SCOTT SIMON, HOST:

Ukraine's counteroffensive is expected to begin any day now, and many wonder if it will include a push to take back Crimea. The Ukrainian peninsula, annexed illegally by Russia nine years ago, is seen as a red line for President Putin and this war's highest stakes territory. NPR's Eleanor Beardsley reports.

TAMILA TASHEVA: (Non-English language spoken).

ELEANOR BEARDSLEY, BYLINE: (Non-English language spoken).

Tamila Tasheva heads the Crimea Platform, a diplomatic effort launched by the Ukrainian government in 2021 to mobilize international support for returning Crimea to Ukraine. She's also Crimean Tatar, the peninsula's indigenous population who were deported by tsars in the 19th century and then by Soviet leader Josef Stalin after World War II.

TASHEVA: My grand-grandmother and father are deported in 1944. And when I 5 years old, I am come back to Ukraine, to Crimea, with my parents.

BEARDSLEY: What year was that?

TASHEVA: In 1991.

BEARDSLEY: The year the Soviet Union broke up and Ukraine became an independent country. Tasheva says in 2014, when Putin annexed Crimea, many residents thought being officially part of Russia would bring investment and Moscow-level prosperity. But the opposite happened. The West imposed sanctions, and she says Putin used the peninsula as a springboard to launch his full-scale invasion last year.

TASHEVA: Thousands of Russian soldiers are in Crimea. It's a really huge military base with a lot of military personnel. It's really a territory of fear.

BEARDSLEY: The Crimean Peninsula became part of the Russian empire in 1783 after Catherine the Great's victory over the Turks. Crimea went on to become part of the Soviet Union. In 1954, Soviet leader Nikita Khrushchev officially transferred Crimea to Soviet Ukraine.

RORY FINNIN: This transfer of Crimea from Soviet Russia to Soviet Ukraine has been interpreted as a is a mistake. Sometimes it's been thought of as this kind of superfluous gift.

BEARDSLEY: Cambridge University Crimea specialist Rory Finnin says it was more like a rescue. Crimea was an economic wreck after World War II and joining Ukraine actually revived it, though our mental maps tend to associate Crimea with Russia, he says.

FINNIN: But when we check an actual map, what we'll see is that Crimea has no natural physical connection to Russia. Crimea is an extension of the Ukrainian mainland - not only attached to southern Ukraine, but dependent on it.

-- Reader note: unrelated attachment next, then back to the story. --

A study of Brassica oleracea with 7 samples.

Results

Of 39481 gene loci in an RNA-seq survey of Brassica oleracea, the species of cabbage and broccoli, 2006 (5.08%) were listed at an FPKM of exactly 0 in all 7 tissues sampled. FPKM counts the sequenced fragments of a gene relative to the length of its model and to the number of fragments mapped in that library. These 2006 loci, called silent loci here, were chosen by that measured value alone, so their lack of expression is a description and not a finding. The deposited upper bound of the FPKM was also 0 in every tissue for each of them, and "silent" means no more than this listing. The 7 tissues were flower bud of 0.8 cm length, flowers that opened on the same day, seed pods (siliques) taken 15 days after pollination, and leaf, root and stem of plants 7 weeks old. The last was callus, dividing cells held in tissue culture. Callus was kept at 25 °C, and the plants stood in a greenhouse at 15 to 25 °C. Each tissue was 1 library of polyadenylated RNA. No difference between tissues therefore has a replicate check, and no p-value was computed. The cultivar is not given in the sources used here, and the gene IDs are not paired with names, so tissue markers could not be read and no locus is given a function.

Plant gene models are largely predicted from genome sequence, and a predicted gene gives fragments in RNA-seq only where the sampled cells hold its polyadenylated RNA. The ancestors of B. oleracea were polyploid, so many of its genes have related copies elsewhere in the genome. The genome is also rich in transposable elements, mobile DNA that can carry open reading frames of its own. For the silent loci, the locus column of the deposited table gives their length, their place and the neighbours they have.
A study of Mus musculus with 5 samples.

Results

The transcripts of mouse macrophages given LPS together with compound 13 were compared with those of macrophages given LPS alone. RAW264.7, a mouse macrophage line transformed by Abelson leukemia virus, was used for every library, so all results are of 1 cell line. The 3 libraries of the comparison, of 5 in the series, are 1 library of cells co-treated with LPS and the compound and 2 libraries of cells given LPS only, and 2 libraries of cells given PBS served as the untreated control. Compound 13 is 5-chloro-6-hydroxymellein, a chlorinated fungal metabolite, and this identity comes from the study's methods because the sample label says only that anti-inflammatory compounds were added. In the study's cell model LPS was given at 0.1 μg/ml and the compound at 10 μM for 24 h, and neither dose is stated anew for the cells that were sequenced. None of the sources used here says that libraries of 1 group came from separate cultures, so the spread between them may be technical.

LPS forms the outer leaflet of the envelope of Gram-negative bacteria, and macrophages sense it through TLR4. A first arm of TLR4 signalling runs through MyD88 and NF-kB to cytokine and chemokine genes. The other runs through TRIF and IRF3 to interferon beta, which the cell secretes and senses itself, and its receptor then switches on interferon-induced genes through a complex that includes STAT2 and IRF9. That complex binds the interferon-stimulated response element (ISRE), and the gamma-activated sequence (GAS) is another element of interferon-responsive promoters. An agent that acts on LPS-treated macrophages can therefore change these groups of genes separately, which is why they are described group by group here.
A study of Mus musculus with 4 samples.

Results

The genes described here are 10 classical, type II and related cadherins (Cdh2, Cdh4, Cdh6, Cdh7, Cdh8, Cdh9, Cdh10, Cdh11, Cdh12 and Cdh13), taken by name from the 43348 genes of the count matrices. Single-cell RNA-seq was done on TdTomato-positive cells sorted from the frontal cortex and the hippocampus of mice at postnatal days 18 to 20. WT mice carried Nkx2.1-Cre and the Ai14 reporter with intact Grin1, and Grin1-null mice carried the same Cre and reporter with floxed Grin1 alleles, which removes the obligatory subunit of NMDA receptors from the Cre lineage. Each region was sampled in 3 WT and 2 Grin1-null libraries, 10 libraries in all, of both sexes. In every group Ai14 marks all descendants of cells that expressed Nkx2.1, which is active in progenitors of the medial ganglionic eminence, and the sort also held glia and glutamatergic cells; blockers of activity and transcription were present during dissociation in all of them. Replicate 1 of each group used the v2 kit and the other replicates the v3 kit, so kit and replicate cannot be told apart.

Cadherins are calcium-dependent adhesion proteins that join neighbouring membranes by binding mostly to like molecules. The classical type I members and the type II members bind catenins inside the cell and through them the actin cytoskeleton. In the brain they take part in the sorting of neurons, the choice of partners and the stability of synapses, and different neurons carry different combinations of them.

BEARDSLEY: Historically and culturally, Crimea does hold a special place in the Russian collective imagination, says former Russian Duma member Ilya Ponomarev. But he says Putin has completely misrepresented the peninsula as some kind of sacred Russian land.

ILYA PONOMAREV: It's a Ukrainian land, and the Ukrainians will liberate it and be totally in their right to do so.

BEARDSLEY: Ponomarev, who lives in Kyiv, was expelled from Russia after being the only parliament member to vote against Putin's annexation of Crimea in 2014.

PONOMAREV: It would be like - I don't know - somebody would occupy Florida and you would say, oh, it's just a peninsula, you know, so just forget about it.

BEARDSLEY: Ben Hodges is a retired lieutenant general and former commander of U.S. Forces in Europe. He says as long as Russia is in control of Crimea, there will never be lasting peace.

BEN HODGES: It's like a dagger pointed at the belly of Ukraine.

BEARDSLEY: He believes if Ukraine can liberate Crimea, the war could be over this year.

HODGES: It's feasible that Ukraine can recapture and liberate Crimea if we give them what they need, which is primarily long-range precision weapons that could today make Crimea untenable for Russian forces.

BEARDSLEY: Many fear Putin could resort to using tactical nuclear weapons if Crimea is threatened. Hodges doesn't think so. For starters, China and India have said that would be unacceptable.

HODGES: What benefit would it give Russia to use a nuclear weapon? Zero. And the Russians know this. Their nuclear weapons are only effective as long as they don't use them because they see how we deter ourselves.

BEARDSLEY: The ground is already shifting in Crimea, says Envoy Tasheva. Repeated attacks on military bases, fuel depots and bridges have meant that thousands of Russians who moved to Crimea after 2014 are selling their houses and leaving. And she says there's a new spirit of defiance.

TASHEVA: After full-scale invasion in Crimea, we have very active, different new movements. It's really huge numbers of people, and we don't have such kind activities before.

BEARDSLEY: Getting Crimea back using diplomatic and political means alone was impossible, says Tasheva. This war, as horrible as it is, gives Ukraine a real chance to liberate all of its territory.

Eleanor Beardsley, NPR News, Kyiv. Transcript provided by NPR, Copyright NPR.